After the late-2000s (2007-2008) banking crisis, trust of consumers in the banking sector reached an all-time low. While bankers were perceived as a trusted and respected personal advisor a few decades ago, this image has significantly
deteriorated, with a steep drop following the financial crisis. Recent years banks have regained some of the trust of their customers, as the Edelman Trust Barometer depicts. The measured trust in the financial services sector reached its highest
level in 2019 since the measurements started in 2012, but with a trust-score of 57 percent, financial services remains the least-trusted sector.
For a sector built on the foundation of trust, this is alarming. Luckily research shows that although people don’t trust their bank, they do trust the overall banking system to keep their money safe at their bank. Nonetheless, this lack
of trust in most banks is clearly an opportunity. A bank, which can rapidly regain the trust of its customers, is likely to attract new customers and better retain its existing customers.
A good way to restore this trust is via corporate governance, where banks are governed in an efficient, ethical and responsible way, acting in the best interest of all stakeholders, i.e. shareholders, employees,
customers, suppliers and society as a whole. Terms like ethical banking, social banking, sustainable investing, responsible banking and financial inclusion are consequently used as buzzwords in many marketing campaigns of large banks. Recently in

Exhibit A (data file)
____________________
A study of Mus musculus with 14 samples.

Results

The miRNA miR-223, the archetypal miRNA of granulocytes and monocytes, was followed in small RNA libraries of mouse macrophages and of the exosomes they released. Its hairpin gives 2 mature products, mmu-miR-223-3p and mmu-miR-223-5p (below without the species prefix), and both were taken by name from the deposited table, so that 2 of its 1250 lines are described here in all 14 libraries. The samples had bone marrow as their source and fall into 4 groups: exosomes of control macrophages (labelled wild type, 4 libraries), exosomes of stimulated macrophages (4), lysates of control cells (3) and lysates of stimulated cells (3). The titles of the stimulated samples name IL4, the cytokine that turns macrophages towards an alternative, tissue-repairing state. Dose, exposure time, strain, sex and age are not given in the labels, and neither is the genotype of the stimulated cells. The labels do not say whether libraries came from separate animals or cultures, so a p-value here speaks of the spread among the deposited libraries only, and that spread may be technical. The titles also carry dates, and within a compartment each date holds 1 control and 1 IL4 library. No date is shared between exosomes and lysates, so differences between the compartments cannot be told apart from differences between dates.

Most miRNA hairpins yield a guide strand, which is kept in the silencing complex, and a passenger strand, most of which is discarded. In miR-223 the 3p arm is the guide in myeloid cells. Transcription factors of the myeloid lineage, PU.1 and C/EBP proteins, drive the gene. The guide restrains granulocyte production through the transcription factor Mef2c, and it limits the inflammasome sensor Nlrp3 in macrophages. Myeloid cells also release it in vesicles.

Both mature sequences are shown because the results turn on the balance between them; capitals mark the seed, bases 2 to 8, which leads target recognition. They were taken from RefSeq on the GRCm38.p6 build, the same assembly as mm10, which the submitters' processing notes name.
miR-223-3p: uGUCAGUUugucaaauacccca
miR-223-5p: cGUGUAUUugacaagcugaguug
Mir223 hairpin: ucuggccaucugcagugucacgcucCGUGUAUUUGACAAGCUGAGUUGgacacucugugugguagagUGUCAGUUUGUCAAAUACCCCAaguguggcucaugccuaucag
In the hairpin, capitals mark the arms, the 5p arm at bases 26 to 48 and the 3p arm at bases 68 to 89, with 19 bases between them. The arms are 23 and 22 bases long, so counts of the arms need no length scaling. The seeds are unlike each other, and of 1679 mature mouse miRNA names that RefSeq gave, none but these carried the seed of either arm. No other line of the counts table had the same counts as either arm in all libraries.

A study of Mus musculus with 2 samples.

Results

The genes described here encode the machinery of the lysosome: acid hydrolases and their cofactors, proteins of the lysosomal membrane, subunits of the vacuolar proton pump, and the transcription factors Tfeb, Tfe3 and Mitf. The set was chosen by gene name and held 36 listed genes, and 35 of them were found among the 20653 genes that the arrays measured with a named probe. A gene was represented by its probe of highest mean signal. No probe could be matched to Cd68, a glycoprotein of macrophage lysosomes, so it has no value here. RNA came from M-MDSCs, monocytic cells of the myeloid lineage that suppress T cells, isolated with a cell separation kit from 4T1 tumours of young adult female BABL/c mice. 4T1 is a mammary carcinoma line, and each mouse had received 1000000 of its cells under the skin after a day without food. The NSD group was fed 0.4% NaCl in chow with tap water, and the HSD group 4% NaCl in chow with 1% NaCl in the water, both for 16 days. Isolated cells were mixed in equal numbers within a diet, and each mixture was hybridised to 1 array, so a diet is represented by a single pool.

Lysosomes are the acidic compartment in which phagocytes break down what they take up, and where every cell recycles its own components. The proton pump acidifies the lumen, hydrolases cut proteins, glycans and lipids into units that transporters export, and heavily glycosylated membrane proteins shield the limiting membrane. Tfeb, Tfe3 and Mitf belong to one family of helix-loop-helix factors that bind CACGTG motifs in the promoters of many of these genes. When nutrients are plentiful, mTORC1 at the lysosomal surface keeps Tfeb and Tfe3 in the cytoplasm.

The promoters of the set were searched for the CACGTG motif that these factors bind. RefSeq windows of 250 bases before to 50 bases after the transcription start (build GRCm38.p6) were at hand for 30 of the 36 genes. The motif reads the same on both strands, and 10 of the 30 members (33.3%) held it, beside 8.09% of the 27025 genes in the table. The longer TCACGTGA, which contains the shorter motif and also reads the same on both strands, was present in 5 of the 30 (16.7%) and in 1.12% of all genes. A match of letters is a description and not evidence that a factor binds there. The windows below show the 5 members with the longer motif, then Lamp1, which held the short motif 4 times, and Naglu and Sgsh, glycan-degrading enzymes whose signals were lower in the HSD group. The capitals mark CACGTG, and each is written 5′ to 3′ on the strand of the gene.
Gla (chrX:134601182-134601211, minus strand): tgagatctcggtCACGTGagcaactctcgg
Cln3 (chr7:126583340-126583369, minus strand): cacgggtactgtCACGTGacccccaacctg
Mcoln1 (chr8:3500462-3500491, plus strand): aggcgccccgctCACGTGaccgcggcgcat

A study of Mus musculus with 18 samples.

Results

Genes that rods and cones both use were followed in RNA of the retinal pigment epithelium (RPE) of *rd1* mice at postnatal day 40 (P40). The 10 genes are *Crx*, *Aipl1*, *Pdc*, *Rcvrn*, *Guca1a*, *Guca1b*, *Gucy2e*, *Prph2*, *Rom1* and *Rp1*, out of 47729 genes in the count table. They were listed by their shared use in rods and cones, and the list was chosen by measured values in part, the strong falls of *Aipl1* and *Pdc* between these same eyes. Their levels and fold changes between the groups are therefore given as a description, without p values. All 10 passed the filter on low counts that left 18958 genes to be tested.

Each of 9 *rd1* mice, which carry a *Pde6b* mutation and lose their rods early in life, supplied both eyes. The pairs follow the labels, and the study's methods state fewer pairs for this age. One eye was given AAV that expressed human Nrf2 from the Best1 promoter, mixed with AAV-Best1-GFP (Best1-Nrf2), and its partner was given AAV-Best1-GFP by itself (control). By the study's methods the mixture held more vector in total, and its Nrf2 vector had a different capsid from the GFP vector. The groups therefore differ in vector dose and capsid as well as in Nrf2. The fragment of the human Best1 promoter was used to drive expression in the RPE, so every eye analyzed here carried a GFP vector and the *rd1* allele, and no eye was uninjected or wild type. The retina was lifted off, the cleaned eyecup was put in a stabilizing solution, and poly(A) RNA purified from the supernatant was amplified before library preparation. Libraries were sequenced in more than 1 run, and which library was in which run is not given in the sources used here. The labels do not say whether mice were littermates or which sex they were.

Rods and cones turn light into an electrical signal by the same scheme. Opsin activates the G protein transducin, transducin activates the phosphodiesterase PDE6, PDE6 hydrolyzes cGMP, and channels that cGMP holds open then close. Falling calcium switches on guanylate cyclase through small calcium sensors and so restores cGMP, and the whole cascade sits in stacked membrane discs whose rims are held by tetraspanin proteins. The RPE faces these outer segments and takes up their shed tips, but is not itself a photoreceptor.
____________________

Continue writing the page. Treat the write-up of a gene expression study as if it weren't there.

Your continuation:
September 2019, 130 banks from 49 countries (representing more than $47 trillion in assets) signed the Principles for Responsible Banking during the annual United Nations General Assembly. Via these principles the signing banks promise not to support or invest
in governments and institutions which are not respecting human rights and/or are destroying the planet.
While these sustainability initiatives should definitely be encouraged, they will most likely not have a strong positive impact on the measured “Trust” score. This trust score is best improved by changing the services
and products directly offered to the customers, i.e. a bank should help its customer better manage their finances, which means making daily banking, investing and lending as easy and fluent as possible, but at the same time clearly visualizing, quantifying
and mitigating all customer’s financial risks.
In short this means:
- Increasing transparency: provide in a transparent way the full cost structure of all products and services (during origination, but also while servicing)
- Improving financial literacy: explain the (often complex) financial products and services in layman’s terms, help customers to get better insights in their financial situation and guide them to the right product or service for their financial
- Managing financial risk: provide different tools (products and services) to help customers better manage their financial risks (market risk, liquidity risk, interest rate risk, counterparty risk…)
Today customers themselves need to find the appropriate product for their financial situation. In the future, banks should support their customers more in choosing the right product or service, but also create new innovative solutions that
combine products of different banking domains into a single customer-oriented product (for example combining investment and lending products into a single, customer-centric offering).
The ultimate goal is that customers no longer need to worry about their financial management, but instead that the bank provides different tools to mitigate all financial risks and automatically guides the customer towards the products that
are most-suited (cheapest and/or better mitigating financial risks) for the customer’s financial situation.